Everyone who teaches has those special moments that happen every so often, moments that cause them to pause and realize what a joy it is to teach.
This is not only true for career teachers but also for many of us who during our lives have through our words or actions inspired another individual in a meaningful way.
I taught English in Nepal and Buddhism in my homes in America for decades, not professionally, but to share my knowledge. In Nepal, I rented a room near the Swoyambu Stupa and taught English to the kids who lived around the stupa, mostly the sons and daughters of priests and young Tibetan monks.
In America, I owned homes in Santa Monica and Hawaii and taught Buddhism once a week on Wednesday from 7-10 p.m. For me teaching is giving back what I have received.
The rewards of teaching were evident every time I taught. My spirit is always lifted after I teach a class.
However, over the years, there were special moments that have lingered, and I will share two of them.
During the 10 years I lived in Nepal, our family visited my father every three years and would stay a month in Santa Monica. After we moved permanently to the States, we travelled to Nepal every few years and still do.
While returning to Nepal and sitting with my wife and two small children awaiting our flight in the International Terminal at LAX (Los Angeles International Airport) there was a person quite some distance away, smartly dressed in a suit and tie staring at me. I played with my kids and chatted with my wife, snacking, and passing the time, all the while busy with the usual frivolous activity one does during the hours waiting for long-hauler flights, all the while under the watchful gaze of the smartly dressed Asian man who seemed to have found in watching me his own way to pass the time. His prolonged gaze did not fail to perk my curiosity, and delightfully that curiosity was destined to be satisfied.
The young man got up from his seat and approached us and with palms together kneeled before me. He didn’t utter a word but instead spoke five letters with an assured pause between each one: “T” “A” “S” “H” “I.” Then he said: “You taught me how to spell my name.” Twenty years had passed since I taught Tashi his name, and now the little munchkin I taught in Nepal is reminding me why it was all worthwhile.
Another incident happened more recently. When my kids were still in elementary school, my daughter, Mudra, had a close friend named Liz, now, both in their 30s and still best friends. One day Liz’s mom, who I hadn’t met, dropped Liz off for a playdate when we lived in Santa Monica. Michelle came to my guest house where I maintained a shrine room and introduced herself. She was taken away by the beauty of the shrine room and had never even seen one before. As she stood appreciating all the thankas and statues, I dropped a mala in her hand.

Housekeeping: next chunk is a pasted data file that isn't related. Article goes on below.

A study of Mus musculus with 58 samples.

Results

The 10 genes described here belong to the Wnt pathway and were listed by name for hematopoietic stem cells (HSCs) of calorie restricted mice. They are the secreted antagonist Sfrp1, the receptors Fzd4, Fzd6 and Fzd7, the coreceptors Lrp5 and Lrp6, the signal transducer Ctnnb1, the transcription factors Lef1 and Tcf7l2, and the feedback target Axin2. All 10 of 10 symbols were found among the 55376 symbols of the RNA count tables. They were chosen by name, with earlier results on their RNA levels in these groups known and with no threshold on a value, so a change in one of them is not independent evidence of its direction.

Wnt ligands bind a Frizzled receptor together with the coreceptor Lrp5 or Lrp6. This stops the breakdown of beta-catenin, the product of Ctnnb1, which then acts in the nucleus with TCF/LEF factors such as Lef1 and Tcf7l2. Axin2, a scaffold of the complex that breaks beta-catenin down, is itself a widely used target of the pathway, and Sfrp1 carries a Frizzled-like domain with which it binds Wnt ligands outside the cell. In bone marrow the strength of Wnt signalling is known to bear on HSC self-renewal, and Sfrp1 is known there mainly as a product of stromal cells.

Michelle had never held a mala before and asked me what to do with it. I told her to recite “Om Mani Padme Hum” and count on the beads. I also invited her to come to my Wednesday night classes, which from that day on she attended for years, never missing a single session. Michelle was a great student and eventually became a popular teacher herself and today has her own following.
Our family moved to Hawaii and Mudra entered high school. My class moved there too. After our move, Liz and Mudra were only to see each other every few years and we didn’t see Michelle for 15 or so.
On Oahu, Mudra has the habit of going to a Korean temple every Saturday. It is a large temple complex in Honolulu with a Great Hall of the Buddha where weekly lectures are held. Because of Mudra’s upbringing in Nepal, she knows to always bow to the Buddha, Dharma, and Sangha, when entering a monastery. She would even do that in the shrine room of our home when entering. But, during the large public gatherings at the Korean temple, it was not the custom to bow, and Mudra followed along with everyone else.
It happened one day that Mudra was sitting in the assembly in the Great Hall with a large gathering of people waiting for the lecture to begin. Everyone was seated and the abbot had not yet appeared to lecture when a women walked confidently to the front of the hall and bowed three times.
After bowing three times the women turned around to find a seat in the audience. Mudra, who was just then admiring how brave the women was (and her respect for tradition) realized to her surprise that it was Liz’s Mom, Michelle. Mudra’s excitement to see her was only matched by the lesson her example offered not to follow the crowd and to honor tradition, proving herself a mentor as she had been while growing up.
So, you see, when you teach, what goes around comes around.